Seven years ago this spring, I was helping decorate for a surprise party for my sister-in-law when I got the call that my beloved Grandma Hetherington had passed away. Although she had been in the hospital with a pulmonary embolism, she was recuperating in a nursing home and expected to make a full recovery. It came as a shock to the whole family when she threw another clot and didn't make it.
Grandma H. was always a kick in the pants, so it seemed like the right thing to carry on with the party that night and be together as a family, not just celebrating the birthday of my sister-in-law, but also the life of a quick-witted lady we all adored.
I remember, after the initial wave of sadness washed over, feeling immense gratitude that night. I wonder now if it was just some sort of coping mechanism kicking into gear. But I felt overwhelmed and eternally grateful for having had time with her (I was in between jobs then) before she was gone. I was so lucky to take in those last stories and cheeky puns.
When my dear Grandma P. died two years later, there was a slow decline leading up to it, so my thankfulness felt more spread out over a number of months. I hung on to every conversation in the nursing home. Even if they were disjointed, they were gems. I wore her jewelry more often. I made sure my schedule had me stopping by to see her a couple times a week. By the time she stopped being able to talk to all of us, I was ready for her suffering to end and I had prepared to let her go.
It was hard to lose these women who had helped raise me and had been my single gal pals at so many holidays after my grandfathers passed away.
But then in late 2008, I met a new grandma. Mr. Wonderful's sweet, Greek Yiayia.
We visited her on our first trip to St. Louis together and I was in love immediately. She hugged me and kissed me a million times, telling me how happy she was that I was dating her grandson. In what I assume is traditional Greek grandma fashion, she asked us at least a dozen times if we were hungry, each time rattling off a different snack she had to offer. She took us into her bedroom and yanked open drawers, revealing stacks of hand-crocheted doilies and other knit items. She insisted that I take with me an apron she had sewn, and sent Mr. W with a bedspread-sized handmade afghan. Being in her presence filled a little space inside me that had been empty for a year and a half.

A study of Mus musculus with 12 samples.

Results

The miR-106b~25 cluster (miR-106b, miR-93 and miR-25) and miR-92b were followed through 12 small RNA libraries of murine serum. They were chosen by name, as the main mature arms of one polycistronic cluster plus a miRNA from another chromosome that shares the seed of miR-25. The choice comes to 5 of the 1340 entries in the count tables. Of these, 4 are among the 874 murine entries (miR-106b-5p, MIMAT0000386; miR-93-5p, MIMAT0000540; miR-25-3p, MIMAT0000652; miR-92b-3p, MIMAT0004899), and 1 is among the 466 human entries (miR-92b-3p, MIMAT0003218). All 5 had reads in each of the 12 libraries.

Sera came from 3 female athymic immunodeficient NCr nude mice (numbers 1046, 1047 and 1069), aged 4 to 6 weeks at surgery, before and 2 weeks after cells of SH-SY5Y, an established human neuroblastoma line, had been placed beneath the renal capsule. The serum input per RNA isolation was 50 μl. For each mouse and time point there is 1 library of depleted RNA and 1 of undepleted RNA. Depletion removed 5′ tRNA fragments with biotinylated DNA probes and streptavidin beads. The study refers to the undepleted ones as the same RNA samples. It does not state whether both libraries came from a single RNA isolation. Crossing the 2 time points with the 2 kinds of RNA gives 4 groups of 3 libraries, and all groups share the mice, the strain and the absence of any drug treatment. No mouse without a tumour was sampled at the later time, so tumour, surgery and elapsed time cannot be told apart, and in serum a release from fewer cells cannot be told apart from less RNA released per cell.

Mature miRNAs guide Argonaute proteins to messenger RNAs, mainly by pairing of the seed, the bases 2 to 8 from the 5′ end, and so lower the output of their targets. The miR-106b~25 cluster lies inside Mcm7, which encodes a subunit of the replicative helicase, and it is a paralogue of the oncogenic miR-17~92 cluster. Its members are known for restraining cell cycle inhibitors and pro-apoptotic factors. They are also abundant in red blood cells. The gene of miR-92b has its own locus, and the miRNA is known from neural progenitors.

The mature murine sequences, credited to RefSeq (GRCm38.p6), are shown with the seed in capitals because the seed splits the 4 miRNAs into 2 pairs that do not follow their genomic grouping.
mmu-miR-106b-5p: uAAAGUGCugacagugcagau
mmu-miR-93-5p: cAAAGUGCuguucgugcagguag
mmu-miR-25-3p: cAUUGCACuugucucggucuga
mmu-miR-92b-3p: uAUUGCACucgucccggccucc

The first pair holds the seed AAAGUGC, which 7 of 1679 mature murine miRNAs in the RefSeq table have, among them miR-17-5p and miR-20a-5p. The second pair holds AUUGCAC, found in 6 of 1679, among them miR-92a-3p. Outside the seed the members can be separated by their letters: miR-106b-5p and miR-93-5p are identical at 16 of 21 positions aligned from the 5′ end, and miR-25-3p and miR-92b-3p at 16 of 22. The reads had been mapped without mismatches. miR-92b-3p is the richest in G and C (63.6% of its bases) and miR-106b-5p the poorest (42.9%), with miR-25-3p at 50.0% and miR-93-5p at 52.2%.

On a subsequent visit, I got to try a lemon-orzo soup she makes that is now one of my favorites. Actually, a lot of her cooking skills were passed straight to Mr. W, so there are probably a lot of favorites I have that can be attributed back to her.
In September of 2010, Mr. W and I visited St. Louis again and Yiayia taught him how to make baklava so that we could hand it out as the favors at our wedding. Yia wasn't feeling well enough to travel for the ceremony, so it meant a lot to at least have her recipe there with us.
That's our wedding venue above, and if you look on the napkins you can see all the packages of baklava Mr. W made, thanks to the tutelage of his grandma.
Because she couldn't make the trip out, we had Mr. W's dad Skype the ceremony to her and other St. Louis relatives over his iPhone. We hoped it was almost like being there.
When we visited Yiayia again this past October, she was tired but so glad to see us and look through the book of wedding pictures we had for her. She was full of hugs and kisses, as usual, and I think she referred to Mr. W by her favorite pet name, "my best boy."
Last weekend we got word that Yiayia had taken a turn for the worst, and we found out this morning that she passed away.
My heart is broken for Mr. W and the entire family. They have lost an irreplaceable matriarch. But on the edge of that sadness is the same feeling of gratitude I had when my grandmas passed. I am so lucky to have met such a precious soul. I will be forever grateful for the chance to know Yiayia.